Have you ever felt the cool breeze of an air conditioner and wondered how it actually works? AC units are fascinating pieces of technology that provide efficient and convenient cooling. Various AC models may use slightly different parts and components. However, the majority of air conditioners will use these steps to cool the air in your home.
The Thermostat Realizes It Is Too Hot
The first and most essential step in any air conditioner is simply turning the unit on. Modern AC units are regulated by a thermostat. This thermostat will constantly measure the air temperature inside of your house. When the temperature is higher than your preferred setting, an electrical relay will be triggered. This tells the AC unit to start running. It will continue running at the same steady, even pace until the thermostat sees that its target temperature is reached.
Fans Pull Warm Air Into the Unit
Now it’s time to get the air moving. Your air conditioner will have multiple fans placed at key points throughout the system. These fans are used to pull hot air from your house into the return vent. This big vent allows your AC unit to continuously take in hot air that would otherwise linger and make your residence feel sticky and warm.
Warm Air Moves Over the Evaporator
The fans then blow the warm air over the evaporator in your air conditioner. The evaporator is a big coil of metal that contains liquid refrigerant. Refrigerant is a special chemical that is essential to running any AC unit. This supercooled liquid will suck up heat from its surroundings. As your hot air blows over the evaporator, the refrigerant removes the heat, and your air gets nice and cool again. Excess moisture builds up on the evaporator coils, where it drips down to a drain line. The drain line will carry the water outside of your house, where it can drain away safely.
Cold Air Blows Through Your Home
Once the air has been cooled by your evaporator coils, fans push it back into your home. In most AC units, the cold air will travel through ducts in the walls, attic, or basement. Then, they will blow out through supply vents positioned around the house. If you place your hand against one, you will feel the cool breeze. This means your air conditioner is working. In some types of AC units, your cold air might skip the journey of going through ducts. Some single-room units will just blow the cold air directly back to you.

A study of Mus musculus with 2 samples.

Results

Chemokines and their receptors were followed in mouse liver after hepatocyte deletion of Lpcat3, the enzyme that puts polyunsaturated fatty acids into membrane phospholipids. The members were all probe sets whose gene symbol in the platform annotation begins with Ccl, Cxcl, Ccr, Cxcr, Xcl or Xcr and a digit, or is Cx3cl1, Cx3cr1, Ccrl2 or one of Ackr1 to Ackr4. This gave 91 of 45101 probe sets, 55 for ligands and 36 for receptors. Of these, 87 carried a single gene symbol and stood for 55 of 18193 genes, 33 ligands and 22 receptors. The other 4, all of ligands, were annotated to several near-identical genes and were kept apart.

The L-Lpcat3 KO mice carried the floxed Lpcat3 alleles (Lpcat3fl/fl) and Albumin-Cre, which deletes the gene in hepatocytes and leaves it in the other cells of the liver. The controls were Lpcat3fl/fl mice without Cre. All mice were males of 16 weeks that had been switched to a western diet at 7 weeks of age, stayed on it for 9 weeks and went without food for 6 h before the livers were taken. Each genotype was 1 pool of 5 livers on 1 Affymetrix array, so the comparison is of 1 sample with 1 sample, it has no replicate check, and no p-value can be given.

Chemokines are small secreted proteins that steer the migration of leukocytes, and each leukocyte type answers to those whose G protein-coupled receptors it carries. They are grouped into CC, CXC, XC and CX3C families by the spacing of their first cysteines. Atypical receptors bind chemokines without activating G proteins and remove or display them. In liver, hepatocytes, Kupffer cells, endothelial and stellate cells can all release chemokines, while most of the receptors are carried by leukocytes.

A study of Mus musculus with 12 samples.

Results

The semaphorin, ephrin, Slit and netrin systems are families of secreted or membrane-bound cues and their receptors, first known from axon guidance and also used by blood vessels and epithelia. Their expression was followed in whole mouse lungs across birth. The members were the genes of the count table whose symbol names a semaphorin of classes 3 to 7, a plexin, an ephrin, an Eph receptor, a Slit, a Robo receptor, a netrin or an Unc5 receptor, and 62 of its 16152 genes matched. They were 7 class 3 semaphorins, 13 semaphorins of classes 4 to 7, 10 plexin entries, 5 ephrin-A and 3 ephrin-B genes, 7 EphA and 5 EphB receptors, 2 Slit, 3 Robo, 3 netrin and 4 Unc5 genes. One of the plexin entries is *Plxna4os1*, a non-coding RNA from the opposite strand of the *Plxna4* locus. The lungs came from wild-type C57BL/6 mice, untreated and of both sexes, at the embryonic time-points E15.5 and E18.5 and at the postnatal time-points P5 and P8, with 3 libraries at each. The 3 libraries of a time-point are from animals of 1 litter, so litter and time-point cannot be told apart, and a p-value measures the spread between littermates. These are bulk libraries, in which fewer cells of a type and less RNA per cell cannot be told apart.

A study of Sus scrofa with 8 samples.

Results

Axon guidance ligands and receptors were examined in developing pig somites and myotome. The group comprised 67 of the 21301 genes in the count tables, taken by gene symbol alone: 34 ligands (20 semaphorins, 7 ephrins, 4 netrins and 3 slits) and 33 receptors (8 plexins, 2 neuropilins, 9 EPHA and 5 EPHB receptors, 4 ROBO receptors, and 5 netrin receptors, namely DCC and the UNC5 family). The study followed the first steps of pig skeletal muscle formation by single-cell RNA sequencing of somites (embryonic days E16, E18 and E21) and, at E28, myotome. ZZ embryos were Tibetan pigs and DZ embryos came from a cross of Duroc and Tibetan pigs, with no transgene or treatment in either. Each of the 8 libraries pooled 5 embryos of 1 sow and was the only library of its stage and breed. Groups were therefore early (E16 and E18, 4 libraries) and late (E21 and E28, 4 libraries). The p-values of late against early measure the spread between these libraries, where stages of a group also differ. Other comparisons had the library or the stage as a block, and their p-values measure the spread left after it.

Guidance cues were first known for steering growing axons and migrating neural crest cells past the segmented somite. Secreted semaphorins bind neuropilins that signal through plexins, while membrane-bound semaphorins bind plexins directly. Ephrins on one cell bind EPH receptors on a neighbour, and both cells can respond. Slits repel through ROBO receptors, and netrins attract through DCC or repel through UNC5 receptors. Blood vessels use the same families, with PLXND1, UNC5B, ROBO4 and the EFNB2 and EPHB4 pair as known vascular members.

Hot Refrigerant Flows to the Compressor
The cooled air in your AC unit might have already blown back into your home, but what about the heat that was removed? This heat was absorbed by the refrigerant liquid in your evaporator coils. As the liquid gets hotter and hotter, it turns into a gas. This warm, low-pressure gas travels through a line all the way to the compressor unit outside. This unit compresses the refrigerant, turning it into a high-pressure gas.
The Condenser Cools the Refrigerant Back Down
At this point, your refrigerant is too warm to keep your residence cool. To get back to this point, the refrigerant has to travel through the condenser. The condenser is a big outdoor box that is filled with a network of pipes. The refrigerant travels over these pipes, releasing heat. This extra heat is expelled outside. On its journey, the refrigerant will lose some pressure and turn back into a liquid before it moves back indoors.
The Expansion Valve Cools the Refrigerant
The refrigerant has one final step to go through before it gets back into the evaporator coils and starts the cycle all over again. After leaving the condenser coils, the refrigerant travels through an expansion valve. This is basically a very narrow hole. It slows down the flow of the refrigerant liquid, which ends up reducing the pressure of the liquid. At lower pressures, the refrigerant becomes even chillier. It is finally ready to start cooling air in your home again, so it returns to the evaporator.
Interested in learning more about your AC unit? Air Care Heating & Cooling is here to answer any questions you might have. Our team can assist with all sorts of HVAC repairs, maintenance, and installation jobs in Shawnee and the surrounding areas. We also offer indoor air quality services and water heaters. Contact us today to schedule an appointment.